A Tuscaloosa-area program is giving people the opportunity to directly, anonymously help primary school students meet specific needs in their lives, and donations are always needed.

With around 11,000 students in city schools and another 18,000 in the county school system, it's inevitable that some of those children are going to have unmet needs.

Neighborhood Bridges, though, is personalizing the problem by sharing anonymous details about the needs they are striving to see met, giving some shape to an often faceless issue.


(Neighborhood Bridges)
(Neighborhood Bridges)

The program works like this -- counselors in schools across both systems keep their ears to the ground for the unmet needs of children in the school. When they become aware of one, they post about it on the organization's website.

The needs are specific but anonymous, and students are not identified by name or school. Anyone moved to help can buy the necessary items directly and drop them off at a designated location or donate money to cover the cost of meeting one or more specific needs. The counselor who identified the need will make sure the student receives the item they need and donors are kept anonymous.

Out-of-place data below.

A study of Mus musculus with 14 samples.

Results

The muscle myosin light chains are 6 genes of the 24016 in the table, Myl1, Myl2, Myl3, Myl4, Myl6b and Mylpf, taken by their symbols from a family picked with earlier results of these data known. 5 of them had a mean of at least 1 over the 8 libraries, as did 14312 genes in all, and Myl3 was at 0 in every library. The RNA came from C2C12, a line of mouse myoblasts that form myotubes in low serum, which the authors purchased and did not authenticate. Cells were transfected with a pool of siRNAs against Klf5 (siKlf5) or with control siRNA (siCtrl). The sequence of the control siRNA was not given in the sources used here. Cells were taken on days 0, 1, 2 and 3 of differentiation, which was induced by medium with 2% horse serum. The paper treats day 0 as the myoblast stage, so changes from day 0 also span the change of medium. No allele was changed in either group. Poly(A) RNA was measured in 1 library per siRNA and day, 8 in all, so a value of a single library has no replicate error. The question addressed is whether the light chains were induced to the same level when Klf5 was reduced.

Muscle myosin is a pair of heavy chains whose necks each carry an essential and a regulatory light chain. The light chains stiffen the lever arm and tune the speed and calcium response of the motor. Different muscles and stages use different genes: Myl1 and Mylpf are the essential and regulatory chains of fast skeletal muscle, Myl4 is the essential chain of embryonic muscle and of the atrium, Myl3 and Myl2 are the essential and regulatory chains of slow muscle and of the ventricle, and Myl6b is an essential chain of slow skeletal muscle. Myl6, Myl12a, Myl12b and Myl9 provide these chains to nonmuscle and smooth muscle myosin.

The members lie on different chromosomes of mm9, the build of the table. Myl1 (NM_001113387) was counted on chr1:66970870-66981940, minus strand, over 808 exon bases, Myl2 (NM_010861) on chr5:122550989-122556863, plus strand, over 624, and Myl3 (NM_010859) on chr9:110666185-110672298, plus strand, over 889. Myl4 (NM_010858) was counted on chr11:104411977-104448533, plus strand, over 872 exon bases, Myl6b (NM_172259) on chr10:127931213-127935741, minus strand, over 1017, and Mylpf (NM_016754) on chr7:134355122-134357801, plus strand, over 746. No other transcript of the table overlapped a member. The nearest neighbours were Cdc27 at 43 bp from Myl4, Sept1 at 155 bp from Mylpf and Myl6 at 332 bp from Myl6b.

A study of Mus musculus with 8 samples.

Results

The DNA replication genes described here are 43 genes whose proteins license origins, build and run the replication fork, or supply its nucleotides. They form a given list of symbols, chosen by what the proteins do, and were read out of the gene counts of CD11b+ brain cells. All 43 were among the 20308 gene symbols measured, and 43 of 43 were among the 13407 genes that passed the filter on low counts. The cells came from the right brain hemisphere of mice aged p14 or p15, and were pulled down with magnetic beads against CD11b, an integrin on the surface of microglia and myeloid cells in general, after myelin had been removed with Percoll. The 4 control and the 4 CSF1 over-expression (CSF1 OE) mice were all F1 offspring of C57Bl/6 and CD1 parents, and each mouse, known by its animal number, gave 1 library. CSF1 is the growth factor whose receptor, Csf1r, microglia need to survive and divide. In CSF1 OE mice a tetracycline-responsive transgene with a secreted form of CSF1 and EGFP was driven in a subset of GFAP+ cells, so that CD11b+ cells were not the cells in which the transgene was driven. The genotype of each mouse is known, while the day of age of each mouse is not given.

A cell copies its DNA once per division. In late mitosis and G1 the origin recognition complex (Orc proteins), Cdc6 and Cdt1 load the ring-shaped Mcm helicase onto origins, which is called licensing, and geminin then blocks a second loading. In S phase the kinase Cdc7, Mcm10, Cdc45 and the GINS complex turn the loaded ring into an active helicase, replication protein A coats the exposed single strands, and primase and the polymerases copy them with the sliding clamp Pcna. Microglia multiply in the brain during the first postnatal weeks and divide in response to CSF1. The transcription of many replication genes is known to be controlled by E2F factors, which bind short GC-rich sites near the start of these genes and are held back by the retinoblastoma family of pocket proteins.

Terri Boman, the executive director of the Tuscaloosa Education Foundation, told the Thread that in an average week, it would take between $3,000 and $4,000 to fund every Opportunity for Kindness shared by Neighborhood Bridges.

It would take the generosity of a wealthy philanthropist to cover those costs alone every week, but by democratizing the process and allowing people to cover the costs of specific needs, Boman and other area leaders hope the community's collective kindness can clear the queue and meet every listed need.

Even those who cannot help meet a need can move the needle by sharing information about the program with their friends, neighbors, families and church groups so the pool of crowd-funders grows ever deeper.

To see the 35 unmet needs in the City Schools system, click here.

For the 5 unmet needs in Tuscaloosa County schools, click here.  

EDITOR'S NOTE: To help Neighborhood Bridges spread the word about their mission, the Tuscaloosa Thread will begin periodically highlighting some of the unmet needs they seek to fill. Look out for more as needs are identified and shared through the program.